If you want to become a winning trader, you must be willing to face loss after loss without letting it get you down. Upon facing a loss, our first inclination is to feel disappointed, but how you react emotionally is merely a matter of how you look at matters. If you go in with unrealistically high hopes, you’ll feel devastated when you encounter a setback. If you expect a setback here and there, however, you’ll feel at ease and ready to bounce back quickly when you’re knocked down. Babe Ruth struck out over 1000 times on his way to setting the home run record.
A top-notch salesperson may make a sale on only one out of ten cold calls. And a winning trader can come out ahead even if the majority of trades executed are losers. It’s daunting to think about it, but you may see many more failures than successes on your way to becoming a seasoned, master trader.
Seasoned traders know how to take losses and setbacks in stride. They don’t mull over past defeats or trading losses. They see a setback as an opportunity to hone their skills, grow, and improve. They examine what they did wrong, learn from their mistakes, and view a temporary setback as a launchpad from which to achieve higher future performance. With proper risk management, you can win as few as four trades out of a dozen and still come out ahead. Rather than getting bogged down with self-doubt, regret, and defeat, winning traders use a “loss” as a motivator for change and improvement.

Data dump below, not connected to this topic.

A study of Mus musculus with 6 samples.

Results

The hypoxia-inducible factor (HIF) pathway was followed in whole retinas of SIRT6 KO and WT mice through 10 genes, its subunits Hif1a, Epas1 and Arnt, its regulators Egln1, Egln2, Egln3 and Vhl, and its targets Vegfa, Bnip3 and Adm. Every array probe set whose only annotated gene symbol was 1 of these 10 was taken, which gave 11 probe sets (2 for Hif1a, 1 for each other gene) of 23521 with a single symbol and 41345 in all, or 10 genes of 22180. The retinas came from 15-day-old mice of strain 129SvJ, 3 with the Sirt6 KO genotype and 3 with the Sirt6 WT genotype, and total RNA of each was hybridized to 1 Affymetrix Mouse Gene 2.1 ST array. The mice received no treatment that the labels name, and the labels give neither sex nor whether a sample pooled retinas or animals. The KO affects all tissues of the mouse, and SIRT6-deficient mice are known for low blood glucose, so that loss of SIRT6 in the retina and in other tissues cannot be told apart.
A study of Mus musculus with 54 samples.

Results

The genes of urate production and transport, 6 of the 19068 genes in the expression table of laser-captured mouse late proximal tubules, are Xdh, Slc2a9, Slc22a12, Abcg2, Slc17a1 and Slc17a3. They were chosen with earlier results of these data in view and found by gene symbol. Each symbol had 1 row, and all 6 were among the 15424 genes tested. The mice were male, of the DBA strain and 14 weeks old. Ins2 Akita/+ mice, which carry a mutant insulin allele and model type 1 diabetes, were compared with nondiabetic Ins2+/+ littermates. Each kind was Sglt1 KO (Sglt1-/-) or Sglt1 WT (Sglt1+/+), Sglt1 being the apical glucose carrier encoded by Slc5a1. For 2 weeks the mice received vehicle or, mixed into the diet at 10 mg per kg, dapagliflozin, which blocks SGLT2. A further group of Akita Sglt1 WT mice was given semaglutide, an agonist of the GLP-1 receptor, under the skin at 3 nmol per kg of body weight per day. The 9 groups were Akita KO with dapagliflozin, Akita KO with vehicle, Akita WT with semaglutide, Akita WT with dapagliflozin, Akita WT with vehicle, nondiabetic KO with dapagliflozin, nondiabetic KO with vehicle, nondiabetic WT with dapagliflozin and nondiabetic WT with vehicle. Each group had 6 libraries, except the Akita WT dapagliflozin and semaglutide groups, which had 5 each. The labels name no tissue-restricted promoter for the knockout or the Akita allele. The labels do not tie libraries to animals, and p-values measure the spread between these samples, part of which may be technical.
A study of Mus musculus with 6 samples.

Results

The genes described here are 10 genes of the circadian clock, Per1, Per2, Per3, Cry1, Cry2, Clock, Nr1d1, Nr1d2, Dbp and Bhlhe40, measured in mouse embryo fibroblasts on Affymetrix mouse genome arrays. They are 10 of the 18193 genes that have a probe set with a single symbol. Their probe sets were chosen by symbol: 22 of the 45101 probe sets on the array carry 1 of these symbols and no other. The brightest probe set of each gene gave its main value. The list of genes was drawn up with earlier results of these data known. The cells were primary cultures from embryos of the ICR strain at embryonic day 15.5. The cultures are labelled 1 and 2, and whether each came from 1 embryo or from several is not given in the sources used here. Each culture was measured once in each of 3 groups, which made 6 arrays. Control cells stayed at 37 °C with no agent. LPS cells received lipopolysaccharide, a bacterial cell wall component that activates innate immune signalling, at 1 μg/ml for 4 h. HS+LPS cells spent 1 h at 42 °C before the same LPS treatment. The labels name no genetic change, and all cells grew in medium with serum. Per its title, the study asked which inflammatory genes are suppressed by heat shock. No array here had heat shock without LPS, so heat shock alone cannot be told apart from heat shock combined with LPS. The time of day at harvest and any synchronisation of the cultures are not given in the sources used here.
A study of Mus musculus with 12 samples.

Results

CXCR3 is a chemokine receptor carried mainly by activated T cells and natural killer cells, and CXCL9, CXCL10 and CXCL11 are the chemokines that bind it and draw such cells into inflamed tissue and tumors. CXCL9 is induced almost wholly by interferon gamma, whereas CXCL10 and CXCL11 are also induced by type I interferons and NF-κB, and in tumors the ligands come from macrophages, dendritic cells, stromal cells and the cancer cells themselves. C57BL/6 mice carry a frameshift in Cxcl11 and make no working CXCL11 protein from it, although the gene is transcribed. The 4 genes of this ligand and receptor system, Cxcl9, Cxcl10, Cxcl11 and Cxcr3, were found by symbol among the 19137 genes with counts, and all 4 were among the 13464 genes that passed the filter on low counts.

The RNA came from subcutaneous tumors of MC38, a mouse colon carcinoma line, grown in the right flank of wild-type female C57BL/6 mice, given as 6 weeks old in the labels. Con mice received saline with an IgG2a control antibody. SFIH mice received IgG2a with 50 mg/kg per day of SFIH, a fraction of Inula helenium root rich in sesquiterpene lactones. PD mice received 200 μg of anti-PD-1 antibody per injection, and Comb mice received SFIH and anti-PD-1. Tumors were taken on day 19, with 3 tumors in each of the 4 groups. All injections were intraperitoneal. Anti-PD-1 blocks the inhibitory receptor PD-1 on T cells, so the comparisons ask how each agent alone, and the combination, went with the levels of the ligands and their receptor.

How can you afford to take loss after loss and be happy about it? It isn’t easy. Obviously, if you are losing big over and over again, you’ll blow out quickly, and every loss will make you feel even more discouraged and beaten. To feel safe and at ease, you must believe that you can survive the learning curve. Risk management is vital for your survival. Limit your risk on any single trade. In addition, trade selectively. Only take setups where you can potentially make a large profit with relatively little risk. That’s still not enough, however. If you don’t improve, you’ll still end up in the red. You must feel that your skills are in constant flux in order to take losses in stride.
Market conditions and your mood can impact your trading performance. If you trade in market conditions where you have trouble making a profit, you’ll feel stressed out and you will likely choke under the pressure. It’s better to trade under conditions where you are comfortable most of the time. Your first priority should be on making enough winning trades to profit overall.
Even then, you’ll still see more losing trades than winners. But once you feel secure that you can make profits, you’ll be able to explore new territory with little fear. Once you know that you have a basic set of skills, you’ll be able to take losses in stride. So when you feel beaten, focus on the big picture. As long as you manage risk and continue to improve your skills, you’ll eventually master the markets. In the context of the big picture, the losses here and there are just part of the learning experience. As long as you achieve profitability in the end, occasional losses are nothing to worry about.